Lower back pain, the majority of the time, is a temporary annoyance that will resolve fairly quickly, sometimes requiring a period of physiotherapy.
But for some people, lower back pain can be a long-term, debilitating issue. Sometimes this may follow a sudden, traumatic onset (eg a fall or a lifting injury), but sometimes its onset may be less obvious.
In severe cases, chronic lower back pain can cause sufferers to withdraw from activities they enjoy, can cause social isolation and stress on relationships, and can result in a reduced quality of life.
We know that pain, particularly chronic pain, is influenced by psychological and social factors. This means that suffering chronic pain can cause vicious cycles leading to worsening pain and greater effects on other aspects of life.
The good news is that addressing psychological and social factors can help break these vicious cycles and begin to create virtuous cycles. Below are some tips which can help sufferers to take control of their back pain:
Have an internal locus of control: While it can be necessary and helpful to get some guidance and input from a physiotherapist, it's important that you realise that you play a huge role in your own recovery and that there is plenty you can do to both assist in your recovery and in the temporary relief of pain. People that play an active role in their recovery and have confidence in their own ability to control their pain have less severe pain and speedier recoveries.
Exercise is good for pain: As well as specific rehab exercises addressing the causes of pain, general exercise is good for pain generally. Depending on what exactly aggravates your pain, it may be necessary to adjust your exercise regime. For example, if running aggravates your pain, cycling or swimming may be better options for cardio exercise because they cause less impact on your back.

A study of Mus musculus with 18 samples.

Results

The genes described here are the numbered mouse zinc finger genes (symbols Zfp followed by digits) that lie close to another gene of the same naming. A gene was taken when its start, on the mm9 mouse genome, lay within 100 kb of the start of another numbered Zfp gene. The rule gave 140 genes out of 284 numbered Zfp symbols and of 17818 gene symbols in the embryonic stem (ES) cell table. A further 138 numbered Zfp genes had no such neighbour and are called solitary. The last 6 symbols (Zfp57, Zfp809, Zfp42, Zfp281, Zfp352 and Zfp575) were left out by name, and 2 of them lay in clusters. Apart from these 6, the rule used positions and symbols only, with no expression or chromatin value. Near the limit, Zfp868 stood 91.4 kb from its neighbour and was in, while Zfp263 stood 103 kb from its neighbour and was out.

It's important to note that strengthening exercises are actually good for back pain. It may be necessary to adjust your strengthening regime during your recovery, and this is something that a physiotherapist can assist you with.
De-stress: Stress can cause your pain to worsen because it basically dials up the volume knob for your nervous system. Of course, pain often adds to stress in a number of ways as well. It's important to address your stress. This may include performing in breathing exercises, meditation, yoga etc. It's also important to take time to do things you enjoy doing and to continue to participate socially.
Have a good understanding of your injury / pain: Educating you around the causes of your back pain is an important part of your physiotherapist's role. The better your understanding of the pain, the less fear you're likely to have about your injury and the more tools you'll have to help control your pain. If you're not sure about something the physio has said, be sure to ask questions so you get a good understanding.
If you need some assistance getting control of your lower back pain, come and see out physiotherapist in Aubin Grove today.